Every Cinderella story needs makeovers — even the Cinderella story — and the ones in Rodgers + Hamerstein’s Cinderella, at Miami’s Adrienne Arsht Center for the Performing Arts through Sunday, range from mildly snarky to spectacular.
The 2013 Broadway musical, packed with songs that Richard Rodgers and Oscar Hammerstein II wrote for their 1957 first and only made-for-TV musical, has a new book by playwright and screenwriter Douglas Carter Beane. The kind of observant wit Beane has brought to his wide-ranging work (everything from As Bees in Honey Drown to The Nance to the books for Xanadu and Sister Act) helps make the touring Cinderella more interesting for adults. Thank you, Mr. Beane.
The other transformative wizard involved in Cinderella is costume designer William Ivey Long, who has six Tony Awards, including one for his work on this show. Much of the magic that happens in an instant, right before our very eyes, is due to Long’s inventive, spectacular designs.
In one moment, a madwoman called Marie (Kecia Lewis) appears to be a gray-haired beggar in a cloak. Then, presto change-o, she’s Cinderella’s fairy godmother, a lovely woman with wavy brown hair and a statement-making magenta gown.
The transformations for Ella (Paige Faure), aka Cinderella, are equally quick and breathtaking. In the first, she goes from her cinder-covered everyday outfit to a pristine white ballgown, tiara and crystal-covered “glass” slippers. In the second, it’s rags to ravishing once again, as she instantly exchanges her humdrum dress for a glittering golden gown that makes her look a bit like Belle in Beauty and the Beast. Snazzy.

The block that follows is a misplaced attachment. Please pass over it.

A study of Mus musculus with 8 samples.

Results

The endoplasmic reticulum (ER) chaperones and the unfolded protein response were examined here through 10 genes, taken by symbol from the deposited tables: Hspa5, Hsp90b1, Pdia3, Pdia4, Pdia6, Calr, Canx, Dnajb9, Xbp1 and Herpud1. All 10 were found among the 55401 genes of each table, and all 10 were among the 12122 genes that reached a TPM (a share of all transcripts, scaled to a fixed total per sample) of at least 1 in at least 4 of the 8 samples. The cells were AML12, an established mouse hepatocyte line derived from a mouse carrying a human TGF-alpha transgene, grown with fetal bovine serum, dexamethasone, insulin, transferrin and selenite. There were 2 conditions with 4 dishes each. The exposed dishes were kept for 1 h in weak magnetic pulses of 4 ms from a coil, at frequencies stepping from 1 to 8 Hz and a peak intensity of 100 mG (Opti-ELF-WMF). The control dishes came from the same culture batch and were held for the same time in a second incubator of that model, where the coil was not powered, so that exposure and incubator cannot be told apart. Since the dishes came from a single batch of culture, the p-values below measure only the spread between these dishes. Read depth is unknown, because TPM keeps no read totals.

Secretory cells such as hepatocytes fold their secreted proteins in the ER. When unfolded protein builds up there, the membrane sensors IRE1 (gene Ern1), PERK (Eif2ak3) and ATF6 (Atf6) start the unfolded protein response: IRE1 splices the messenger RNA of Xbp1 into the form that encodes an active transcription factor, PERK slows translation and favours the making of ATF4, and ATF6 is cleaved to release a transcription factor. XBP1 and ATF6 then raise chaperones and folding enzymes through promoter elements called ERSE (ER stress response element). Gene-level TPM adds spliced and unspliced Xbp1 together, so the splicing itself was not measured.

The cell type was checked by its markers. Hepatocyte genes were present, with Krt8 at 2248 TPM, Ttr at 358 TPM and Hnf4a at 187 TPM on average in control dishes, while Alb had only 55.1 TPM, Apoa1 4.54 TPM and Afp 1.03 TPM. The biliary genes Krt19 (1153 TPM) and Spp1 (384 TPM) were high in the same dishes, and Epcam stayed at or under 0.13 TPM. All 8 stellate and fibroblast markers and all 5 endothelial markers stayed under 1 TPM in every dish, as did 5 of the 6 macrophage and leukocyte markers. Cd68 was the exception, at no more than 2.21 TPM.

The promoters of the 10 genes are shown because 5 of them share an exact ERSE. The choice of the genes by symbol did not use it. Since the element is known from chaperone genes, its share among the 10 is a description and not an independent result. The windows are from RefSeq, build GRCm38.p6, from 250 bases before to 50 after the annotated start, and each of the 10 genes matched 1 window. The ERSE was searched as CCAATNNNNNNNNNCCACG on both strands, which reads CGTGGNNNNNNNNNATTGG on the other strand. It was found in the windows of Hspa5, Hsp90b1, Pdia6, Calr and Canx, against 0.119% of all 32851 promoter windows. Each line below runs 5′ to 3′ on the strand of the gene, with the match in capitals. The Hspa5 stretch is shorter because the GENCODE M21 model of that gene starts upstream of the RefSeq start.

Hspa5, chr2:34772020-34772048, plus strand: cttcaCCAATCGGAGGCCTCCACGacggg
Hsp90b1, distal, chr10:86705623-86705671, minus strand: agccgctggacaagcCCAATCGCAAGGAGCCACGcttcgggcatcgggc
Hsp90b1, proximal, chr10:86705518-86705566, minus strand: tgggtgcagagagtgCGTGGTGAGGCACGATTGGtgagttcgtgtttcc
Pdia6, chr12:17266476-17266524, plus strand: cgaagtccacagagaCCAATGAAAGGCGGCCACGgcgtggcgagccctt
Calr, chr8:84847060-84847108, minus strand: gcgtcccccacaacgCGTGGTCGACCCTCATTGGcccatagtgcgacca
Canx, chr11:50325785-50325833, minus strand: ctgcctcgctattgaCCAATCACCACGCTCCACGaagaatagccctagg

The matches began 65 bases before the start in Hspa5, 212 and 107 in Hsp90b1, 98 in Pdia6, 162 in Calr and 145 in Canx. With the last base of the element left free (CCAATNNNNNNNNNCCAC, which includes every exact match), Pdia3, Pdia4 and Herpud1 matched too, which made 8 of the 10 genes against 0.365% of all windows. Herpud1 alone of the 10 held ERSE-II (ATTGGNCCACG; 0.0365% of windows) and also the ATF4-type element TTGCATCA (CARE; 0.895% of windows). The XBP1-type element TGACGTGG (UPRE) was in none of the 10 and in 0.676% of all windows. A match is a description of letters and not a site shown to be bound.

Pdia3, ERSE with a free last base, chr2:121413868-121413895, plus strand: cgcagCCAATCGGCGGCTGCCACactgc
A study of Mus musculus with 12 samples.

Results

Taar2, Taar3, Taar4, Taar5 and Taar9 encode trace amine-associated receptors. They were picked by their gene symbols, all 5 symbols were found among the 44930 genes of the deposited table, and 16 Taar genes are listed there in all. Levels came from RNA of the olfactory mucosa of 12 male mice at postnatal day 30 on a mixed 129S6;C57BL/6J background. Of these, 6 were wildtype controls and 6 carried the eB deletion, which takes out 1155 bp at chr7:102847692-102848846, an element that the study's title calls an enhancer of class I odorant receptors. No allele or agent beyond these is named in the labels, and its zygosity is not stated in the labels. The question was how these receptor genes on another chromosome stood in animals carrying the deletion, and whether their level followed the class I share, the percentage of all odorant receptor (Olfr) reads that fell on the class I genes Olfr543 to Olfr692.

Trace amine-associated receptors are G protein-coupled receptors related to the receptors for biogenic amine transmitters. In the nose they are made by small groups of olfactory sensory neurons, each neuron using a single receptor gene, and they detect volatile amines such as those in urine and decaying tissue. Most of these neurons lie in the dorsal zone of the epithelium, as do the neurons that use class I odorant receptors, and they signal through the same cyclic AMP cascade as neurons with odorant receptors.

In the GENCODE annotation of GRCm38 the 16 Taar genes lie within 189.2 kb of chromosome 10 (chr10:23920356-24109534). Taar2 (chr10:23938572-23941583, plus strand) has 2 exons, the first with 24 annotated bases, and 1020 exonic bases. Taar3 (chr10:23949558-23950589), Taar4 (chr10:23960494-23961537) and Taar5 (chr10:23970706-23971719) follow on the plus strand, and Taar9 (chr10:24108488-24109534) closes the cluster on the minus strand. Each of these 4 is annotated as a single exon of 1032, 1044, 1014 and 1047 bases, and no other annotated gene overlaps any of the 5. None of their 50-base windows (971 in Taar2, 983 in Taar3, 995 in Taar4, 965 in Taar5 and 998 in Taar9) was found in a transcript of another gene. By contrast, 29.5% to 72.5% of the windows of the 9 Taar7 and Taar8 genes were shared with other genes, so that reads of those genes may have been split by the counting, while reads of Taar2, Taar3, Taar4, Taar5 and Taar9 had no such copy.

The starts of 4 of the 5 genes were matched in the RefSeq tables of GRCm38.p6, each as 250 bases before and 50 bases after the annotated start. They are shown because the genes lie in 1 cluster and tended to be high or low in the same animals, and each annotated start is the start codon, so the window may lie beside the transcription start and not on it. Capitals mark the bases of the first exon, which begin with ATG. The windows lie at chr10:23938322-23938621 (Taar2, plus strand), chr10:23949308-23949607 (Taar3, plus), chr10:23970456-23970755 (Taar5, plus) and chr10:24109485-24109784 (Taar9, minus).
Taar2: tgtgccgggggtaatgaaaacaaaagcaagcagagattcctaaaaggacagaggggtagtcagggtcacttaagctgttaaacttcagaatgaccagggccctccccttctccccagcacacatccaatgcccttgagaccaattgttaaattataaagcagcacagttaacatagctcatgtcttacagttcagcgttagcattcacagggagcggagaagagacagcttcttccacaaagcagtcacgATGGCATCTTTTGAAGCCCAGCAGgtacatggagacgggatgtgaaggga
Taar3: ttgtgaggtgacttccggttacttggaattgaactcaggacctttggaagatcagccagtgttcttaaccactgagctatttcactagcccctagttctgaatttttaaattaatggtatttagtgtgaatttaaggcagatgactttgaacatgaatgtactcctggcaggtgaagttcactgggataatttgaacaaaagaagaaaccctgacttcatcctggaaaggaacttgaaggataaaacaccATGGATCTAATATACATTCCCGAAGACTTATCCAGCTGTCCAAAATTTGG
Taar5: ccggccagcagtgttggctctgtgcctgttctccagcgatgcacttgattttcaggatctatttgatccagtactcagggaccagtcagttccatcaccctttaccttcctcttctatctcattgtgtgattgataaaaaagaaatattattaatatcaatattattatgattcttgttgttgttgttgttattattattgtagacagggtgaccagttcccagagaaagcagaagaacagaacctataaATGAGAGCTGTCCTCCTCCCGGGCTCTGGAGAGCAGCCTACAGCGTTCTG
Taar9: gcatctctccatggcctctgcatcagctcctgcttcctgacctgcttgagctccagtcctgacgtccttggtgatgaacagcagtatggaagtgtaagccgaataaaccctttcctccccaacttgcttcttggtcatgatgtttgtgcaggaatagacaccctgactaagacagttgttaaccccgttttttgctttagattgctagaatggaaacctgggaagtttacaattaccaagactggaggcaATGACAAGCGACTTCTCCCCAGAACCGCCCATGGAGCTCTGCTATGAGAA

Those nods to works that came long after Cinderella are deliberate and beneficial in making the show resonate with a 21st century audience. As much as the show owes to the Charles Perrault fairytale on which it’s based, it also borrows a bit (at least in sensibility) from musicals like Shrek and Wicked.
Following in the delicate footsteps of Julie Andrews, Lesley Ann Warren and Brandy Norwood (TV Cinderellas all), Faure brings a clarion soprano and graceful loveliness to the title role. It’s simply a pleasure to listen to In My Own Little Corner, Impossible, Ten Minutes Ago, Do I Love You Because You’re Beautiful? — well, everything she sings sounds gorgeous. Rodgers and Hammerstein would be pleased.
Andy Jones has a dual challenge in playing the handsome leading man and amusing neophyte politician Prince Topher, the guy who becomes Cinderella’s squeeze. His voice blends beautifully with Faure’s in their swoon-worthy duets.
Cinderella’s stepmother and stepsisters get their own makeovers in this version of the tale. As her stepmom Madame, Beth Glover isn’t so much evil as self-absorbed and demanding. Former South Florida actress Aymee Garcia is a hoot as the comically delusional Charlotte, and Ashley Park is actually a pretty good egg as Gabrielle, the step sis who forms an alliance with Cinderella.
Also notable are Carbonell Award winner Blake Hammond as Sebastian, Topher’s manipulative adviser; David Andino as political agitator (and Gabrielle’s beau) Jean-Michel; Antoine L. Smith as the big-voiced herald, Lord Pinkleton; and Lewis as the fairy godmother who makes a kind-hearted, socially conscious young woman’s dreams come true.
Director Mark Brokaw and choreographer Josh Rhodes (whose work on the ball sequence is particularly imaginative) keep the story flowing, to the obvious delight of an audience jam-packed with theatergoers whose ages haven’t yet hit double digits. Is this show as gloriously entertaining as Wicked? Not by a long shot. But thanks to a beloved story, Ivey Long’s razzle-dazzle and memorable music by a pair of musical theater masters, it’s a crowd pleaser.